Campus Plants - Page 5

Each "thumbnail" image below is linked to a larger photograph.

Calyptocarpus vialis, straggler daisy, prostrate lawnflower.  Prostrate weedy herb from Southern Texas to Central America with tiny yellow flowering heads and tiny fruits, each with two awns at the summit. Location: Very common, waste areas and weedy lawns.  Easily confused with Synedrella nodiflora, which is a coarser, more robust species also common in weedy areas on campus.
Canna indica, Cannaceae canna, Indian shot. Upright herb from tropical America, now naturaized widely in the tropics, including moist lowland forests in Hawaii. Leaves large, flowers bright red or yellow, fruits swollen, warty, about an inch long, containing black globose seeds strung into lei and used in rattles. Location: St. John courtyard.
Capsicum frutescens, Solanaceae, bird pepper, nioi. Scarcely distinguishable from C. annuum L., an herb or small shrub from tropical America where it has been cultivated for 4,000 years. The ornamental peppers, tobasco, paprika, cayenne, and bell peppers are all varieties of this latter, highly variable species which is also found in cultivation in Hawaii. The fruits are an excellent source of vitamin C and are often used medicinally in the tropics. Location: EW Center Dorm garden; garden plot Diamond Head of Krauss Hall.
car_fles.jpg (9157 bytes) Cardamine flexuosa, Brassicaceae, bittercress. Small herb from Eurasia with pinnate leaves, tiny white flowers and very slender, ascending fruits up to one inch long. Location: Common in wet, weedy sites and flower beds on campus.
Carica papaya, Caricaceae, papaya. Shrub or small palm-like tree from tropical America; introduced around the time of Cook's arrival, common in gardens by 1823. The fruits are highly prized as a delicacy but various parts of the plant are also used medicinally, and the green fruits and leaves are used as a meat tenderizer. Location: Sherman courtyard; Diamond Head of Hale Kahawai and Hale Kuahine.
Carissa macrocarpa, Apocynaceae, Natal plum, carissa. Dense shrub (good hedge plant) from S. Africa, with sharp, twice-forked spines, white, star-like flowers, and red, ovoid, edible fruits one to two inches long. Location: Ewa of Spalding; mauka of Crawford.
Cascabela thevetia, Apocynaceae, be-still tree, lucky nut. Tree from tropical America with shiny dark green leaves, white sap, and yellow, funnel shaped flowers. Fruit somewhat angular, smooth, with two large, oily seeds. All parts poisonous but can be medicinal for toothache, skin sores, and as a purgative, if used judiciously. Location: St. John courtyard; Diamond Head of Jefferson Hall.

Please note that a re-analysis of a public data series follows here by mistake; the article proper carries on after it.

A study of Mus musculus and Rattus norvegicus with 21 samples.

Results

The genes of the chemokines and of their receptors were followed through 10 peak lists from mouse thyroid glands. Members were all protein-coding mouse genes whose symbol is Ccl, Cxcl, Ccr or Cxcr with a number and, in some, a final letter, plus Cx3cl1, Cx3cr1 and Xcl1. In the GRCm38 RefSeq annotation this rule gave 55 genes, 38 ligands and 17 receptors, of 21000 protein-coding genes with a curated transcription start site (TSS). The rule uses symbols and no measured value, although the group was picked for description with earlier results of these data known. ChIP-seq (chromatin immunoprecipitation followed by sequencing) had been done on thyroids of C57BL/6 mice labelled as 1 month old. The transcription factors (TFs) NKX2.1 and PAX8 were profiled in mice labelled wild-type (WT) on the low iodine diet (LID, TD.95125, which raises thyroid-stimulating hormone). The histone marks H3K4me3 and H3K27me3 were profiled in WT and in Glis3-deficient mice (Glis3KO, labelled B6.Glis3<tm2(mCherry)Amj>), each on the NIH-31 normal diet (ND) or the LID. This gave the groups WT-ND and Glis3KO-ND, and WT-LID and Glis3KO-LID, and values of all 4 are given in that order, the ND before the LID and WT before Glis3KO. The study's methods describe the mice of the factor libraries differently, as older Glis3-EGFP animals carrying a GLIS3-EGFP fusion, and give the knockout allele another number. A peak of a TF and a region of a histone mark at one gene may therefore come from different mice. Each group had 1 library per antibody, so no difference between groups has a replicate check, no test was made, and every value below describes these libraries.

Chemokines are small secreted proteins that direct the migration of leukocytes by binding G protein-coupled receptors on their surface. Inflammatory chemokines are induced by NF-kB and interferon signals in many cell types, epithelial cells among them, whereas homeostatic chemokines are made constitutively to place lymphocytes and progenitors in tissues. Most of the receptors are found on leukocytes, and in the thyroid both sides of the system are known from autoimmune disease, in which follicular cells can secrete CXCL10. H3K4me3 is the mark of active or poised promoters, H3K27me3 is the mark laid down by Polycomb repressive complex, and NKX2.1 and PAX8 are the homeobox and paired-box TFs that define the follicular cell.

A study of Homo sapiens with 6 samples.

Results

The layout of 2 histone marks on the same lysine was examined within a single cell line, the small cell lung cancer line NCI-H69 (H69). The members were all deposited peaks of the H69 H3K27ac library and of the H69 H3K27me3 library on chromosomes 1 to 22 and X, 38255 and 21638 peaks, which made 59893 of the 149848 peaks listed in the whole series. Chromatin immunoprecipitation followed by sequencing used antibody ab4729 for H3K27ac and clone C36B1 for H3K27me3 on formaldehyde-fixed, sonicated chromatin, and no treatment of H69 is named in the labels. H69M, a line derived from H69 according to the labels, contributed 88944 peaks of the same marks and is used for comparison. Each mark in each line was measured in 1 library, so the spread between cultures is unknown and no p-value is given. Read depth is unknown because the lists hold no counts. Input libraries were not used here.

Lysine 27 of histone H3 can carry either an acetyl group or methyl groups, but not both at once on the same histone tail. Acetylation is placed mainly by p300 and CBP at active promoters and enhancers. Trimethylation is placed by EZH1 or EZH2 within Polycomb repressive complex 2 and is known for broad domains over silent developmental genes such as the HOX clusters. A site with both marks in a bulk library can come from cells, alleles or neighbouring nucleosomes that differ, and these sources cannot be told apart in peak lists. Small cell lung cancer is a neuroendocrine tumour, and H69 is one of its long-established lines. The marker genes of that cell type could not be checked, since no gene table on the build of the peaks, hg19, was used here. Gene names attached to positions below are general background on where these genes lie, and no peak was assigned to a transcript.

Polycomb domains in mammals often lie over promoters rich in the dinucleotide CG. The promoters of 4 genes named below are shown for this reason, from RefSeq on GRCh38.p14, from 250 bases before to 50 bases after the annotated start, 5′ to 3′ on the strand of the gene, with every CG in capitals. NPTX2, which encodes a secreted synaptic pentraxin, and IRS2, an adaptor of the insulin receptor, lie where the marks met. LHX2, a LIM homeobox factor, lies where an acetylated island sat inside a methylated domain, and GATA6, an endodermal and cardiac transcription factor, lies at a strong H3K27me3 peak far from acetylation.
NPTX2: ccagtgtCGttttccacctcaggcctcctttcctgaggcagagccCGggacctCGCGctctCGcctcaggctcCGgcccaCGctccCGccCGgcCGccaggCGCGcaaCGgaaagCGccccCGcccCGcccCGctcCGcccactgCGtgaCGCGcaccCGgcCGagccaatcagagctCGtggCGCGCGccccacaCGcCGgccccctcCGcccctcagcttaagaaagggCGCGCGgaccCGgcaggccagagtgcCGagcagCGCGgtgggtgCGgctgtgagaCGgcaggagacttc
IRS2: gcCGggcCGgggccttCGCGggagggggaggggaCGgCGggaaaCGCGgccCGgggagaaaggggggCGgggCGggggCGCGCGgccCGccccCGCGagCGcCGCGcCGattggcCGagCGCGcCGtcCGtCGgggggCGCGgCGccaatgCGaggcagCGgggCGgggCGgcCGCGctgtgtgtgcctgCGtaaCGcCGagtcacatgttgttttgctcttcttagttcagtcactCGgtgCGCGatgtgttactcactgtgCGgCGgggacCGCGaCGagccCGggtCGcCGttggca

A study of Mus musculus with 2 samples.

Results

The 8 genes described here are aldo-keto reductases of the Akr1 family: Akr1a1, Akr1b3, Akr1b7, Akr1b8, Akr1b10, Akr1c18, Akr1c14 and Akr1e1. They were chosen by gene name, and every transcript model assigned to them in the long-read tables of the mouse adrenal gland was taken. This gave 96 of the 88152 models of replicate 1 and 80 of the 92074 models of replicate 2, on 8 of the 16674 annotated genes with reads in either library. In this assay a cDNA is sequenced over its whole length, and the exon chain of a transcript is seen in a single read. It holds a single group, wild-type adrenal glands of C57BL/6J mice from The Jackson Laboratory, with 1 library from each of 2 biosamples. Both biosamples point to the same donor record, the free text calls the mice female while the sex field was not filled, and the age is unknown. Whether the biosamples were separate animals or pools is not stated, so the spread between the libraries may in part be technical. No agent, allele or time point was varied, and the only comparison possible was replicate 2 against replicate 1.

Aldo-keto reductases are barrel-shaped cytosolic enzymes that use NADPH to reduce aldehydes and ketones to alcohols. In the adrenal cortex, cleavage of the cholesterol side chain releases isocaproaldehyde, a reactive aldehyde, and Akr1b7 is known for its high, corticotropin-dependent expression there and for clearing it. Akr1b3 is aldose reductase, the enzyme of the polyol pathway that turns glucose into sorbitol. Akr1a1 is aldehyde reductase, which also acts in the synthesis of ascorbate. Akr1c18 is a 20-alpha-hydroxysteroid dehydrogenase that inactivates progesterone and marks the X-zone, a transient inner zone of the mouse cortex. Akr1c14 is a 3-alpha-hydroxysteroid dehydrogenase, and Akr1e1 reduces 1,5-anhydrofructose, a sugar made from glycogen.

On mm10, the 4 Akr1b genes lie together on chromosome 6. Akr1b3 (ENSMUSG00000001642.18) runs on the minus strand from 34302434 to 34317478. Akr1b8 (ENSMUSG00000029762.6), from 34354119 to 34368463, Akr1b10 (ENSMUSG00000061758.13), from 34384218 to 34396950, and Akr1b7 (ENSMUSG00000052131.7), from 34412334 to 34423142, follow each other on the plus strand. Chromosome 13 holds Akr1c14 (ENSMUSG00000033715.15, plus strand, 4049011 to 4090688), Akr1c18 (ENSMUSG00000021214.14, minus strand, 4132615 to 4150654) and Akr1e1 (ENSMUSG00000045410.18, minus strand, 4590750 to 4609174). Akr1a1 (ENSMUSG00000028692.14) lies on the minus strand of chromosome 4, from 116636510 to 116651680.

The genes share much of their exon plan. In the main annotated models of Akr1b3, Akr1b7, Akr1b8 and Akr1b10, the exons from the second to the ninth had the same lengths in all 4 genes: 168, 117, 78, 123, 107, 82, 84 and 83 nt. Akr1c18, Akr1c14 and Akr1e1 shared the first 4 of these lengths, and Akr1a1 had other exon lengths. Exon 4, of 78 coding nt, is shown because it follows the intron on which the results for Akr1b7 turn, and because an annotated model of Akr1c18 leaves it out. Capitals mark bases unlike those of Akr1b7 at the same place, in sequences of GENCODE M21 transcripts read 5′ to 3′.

Casimiroa edulis, Rutaceae, white sapote. Small tree from Mexico and Central America, with palmate leaves, small greenish flowers, and rounded, shallowly 5-lobed, somewhat apple-like fruit about 3 inches in diameter. The skin is thin, green or yellow, enclosing a soft, juicy, edible sweetish pulp. In Mexico, the bark, leaves and seeds are used medicinally to induce sleep. Location: Mauka-Ewa of Sinclair Library, near University Ave.
Cassia bakeriana, Caesalpiniaceae, pink shower tree.  Showy ornamental tree from tropical Asia.  Location: Entrance to Hamilton Library.
Cassia fistula, Caesalpiniaceae, golden shower tree. Tree from India with showy, pale yellow flowers. Location: Gilmore; Ewa side of Kuykendall; Wist Hall.
Cassia grandis, Caesalpiniaceae, pink shower tree, coral shower tree.  Tree from tropical America with heavy, cylindrical pods to 3 feet in length and often more than an inch in diameter.  The seeds are used for lei construction in Hawaii.  The pulp of the fruit has laxative properties.  Location:  Adjacent to express bus stop by Bachman; by Manoa Stream at mauka end of East-West Center Japanese Garden
Cassia javanica, Caesalpiniaceae, pink and white shower tree. An old favorite from Indonesia, for shade and street planting, probably introduced to Hawaii before 1870. Location: Near Dole Street, Diamond Head of Andrews Amphitheater.
Cassia x nealiae, Caesalpiniaceae, rainbow shower tree. This is a popular hybrid originally produced in Hawaii between C. javanica and C. fistula. Location: Maile Way, on the median, near St. John Hall.
Casuarina equisetifolia, Casuarinaceae, ironwood, she oak. Tree with long needle-like branches and cone-like fruits, native to S. Pacific to India. First introduced on Kauai in 1882. Trees lining Kalakaua Ave. by the Aquarium and Natatorium were planted in 1890 by Governor A. S. Cleghorn (father of Princess Kaiulani). Location: Along mauka side of Maile Way, near University Ave.